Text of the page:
It has been nine days since massive riots in the center of Moscow. Nevertheless, the trend, which was set by ultra-right youngsters on Manezhnaya Square on December 11, is still actual. The subject of 'ethnic clashes' is being actively heated up from within. Many Russian bloggers still say that clashes between nationalists and migrants from the Caucasus will continue to occur.
On December 11, as we remember, several thousands of young people arranged an unauthorized action on Manezhnaya Square. The action developed into mass riots very quickly, although it was supposed to be held in memory of Yegor Sviridov, a fan of Spartak football club. The participants of the meeting started chanting nationalists slogans; dozens of innocent people were beaten in the riots.
The events that rocked Manezhnaya Square did not repeat again on December 15. The Moscow police prevented the riots, over 1,300 people were arrested; traumatic guns, knives, hammers and baseball bats were withdrawn from them.
The law-enforcement authorities opened nearly 20 criminal cases into mass riots in the center of Moscow. Investigators identified a group of people who took a direct part in the organization of pogroms on Manezhnaya Square. One of them - a young man, who was calling upon others to commit illegal actions, - was arrested.
Clashes between nationalists and migrants from the Caucasus were expected to repeat again on December 18 and 19. Many posts appeared on the Internet saying that the ultra-rights would gather near Ostankino TV center, whereas migrants would gather again near Kievsky Train Station, which links Moscow with Russia's southern territories, where migrants presumably come from.
The riot police were put on high alert again. Special police units appeared on all of the above-mentioned locations. Unexampled security measures were taken in St. Petersburg too. Dozens of young men - both of Slavic and non-Slavic appearance - were arrested in Moscow during the weekend.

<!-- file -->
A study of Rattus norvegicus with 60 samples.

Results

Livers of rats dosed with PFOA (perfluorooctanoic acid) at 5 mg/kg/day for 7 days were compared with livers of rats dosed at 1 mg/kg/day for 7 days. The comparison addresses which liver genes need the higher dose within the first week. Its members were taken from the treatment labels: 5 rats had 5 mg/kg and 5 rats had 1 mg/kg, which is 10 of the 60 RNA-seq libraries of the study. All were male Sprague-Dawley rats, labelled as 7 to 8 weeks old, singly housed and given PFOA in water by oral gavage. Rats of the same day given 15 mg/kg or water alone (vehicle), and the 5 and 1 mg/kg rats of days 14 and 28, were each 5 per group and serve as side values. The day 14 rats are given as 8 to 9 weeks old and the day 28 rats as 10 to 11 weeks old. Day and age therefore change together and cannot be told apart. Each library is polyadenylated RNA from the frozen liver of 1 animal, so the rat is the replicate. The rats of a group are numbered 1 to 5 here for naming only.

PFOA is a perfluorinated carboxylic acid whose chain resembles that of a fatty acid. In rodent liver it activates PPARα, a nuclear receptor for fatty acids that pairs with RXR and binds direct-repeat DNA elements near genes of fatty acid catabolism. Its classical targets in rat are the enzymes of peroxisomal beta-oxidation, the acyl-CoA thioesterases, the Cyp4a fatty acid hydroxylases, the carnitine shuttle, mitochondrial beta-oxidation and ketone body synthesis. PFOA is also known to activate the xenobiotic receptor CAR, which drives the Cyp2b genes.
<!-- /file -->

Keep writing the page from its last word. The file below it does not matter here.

In Ostankino, the police had to use force against the members of the authorized meeting of the National-Democratic Alliance, after the demonstrators decided to conduct an unauthorized march at the end of the authorized meeting.
Most of the people detained in Ostankino are underage individuals. "It's very concerning that most of the detainees are eighth or ninth-graders - they are boys and girls," Viktor Biryukov, the chief of the PR department of Moscow Police Department said.
Most of those who wanted to respond to the failed 'anti-Russian pogrom' on December 15 near Kievsky Train Station were also teenagers aged 14-15. "There are so many little boys and girls here. Did they advertise the event at schools? What are their parents thinking?" a Russian journalist blogged on December 15. Therefore, the minors make the majority of those who follow online propaganda.
Contrary to panic expectations and provocative appeals, there were no new riots in Moscow on December 18. The police arrested nearly 1,000 aggressive individuals for their attempts to conduct illegal actions in the capital.
One may assume that propaganda campaigns will continue to stir ethnic strife in the future, although such activities can only lead to sad consequences. After the riots on Manezhnaya, the number of ethnic crimes increased considerably, and it seems that the situation is going to exacerbate.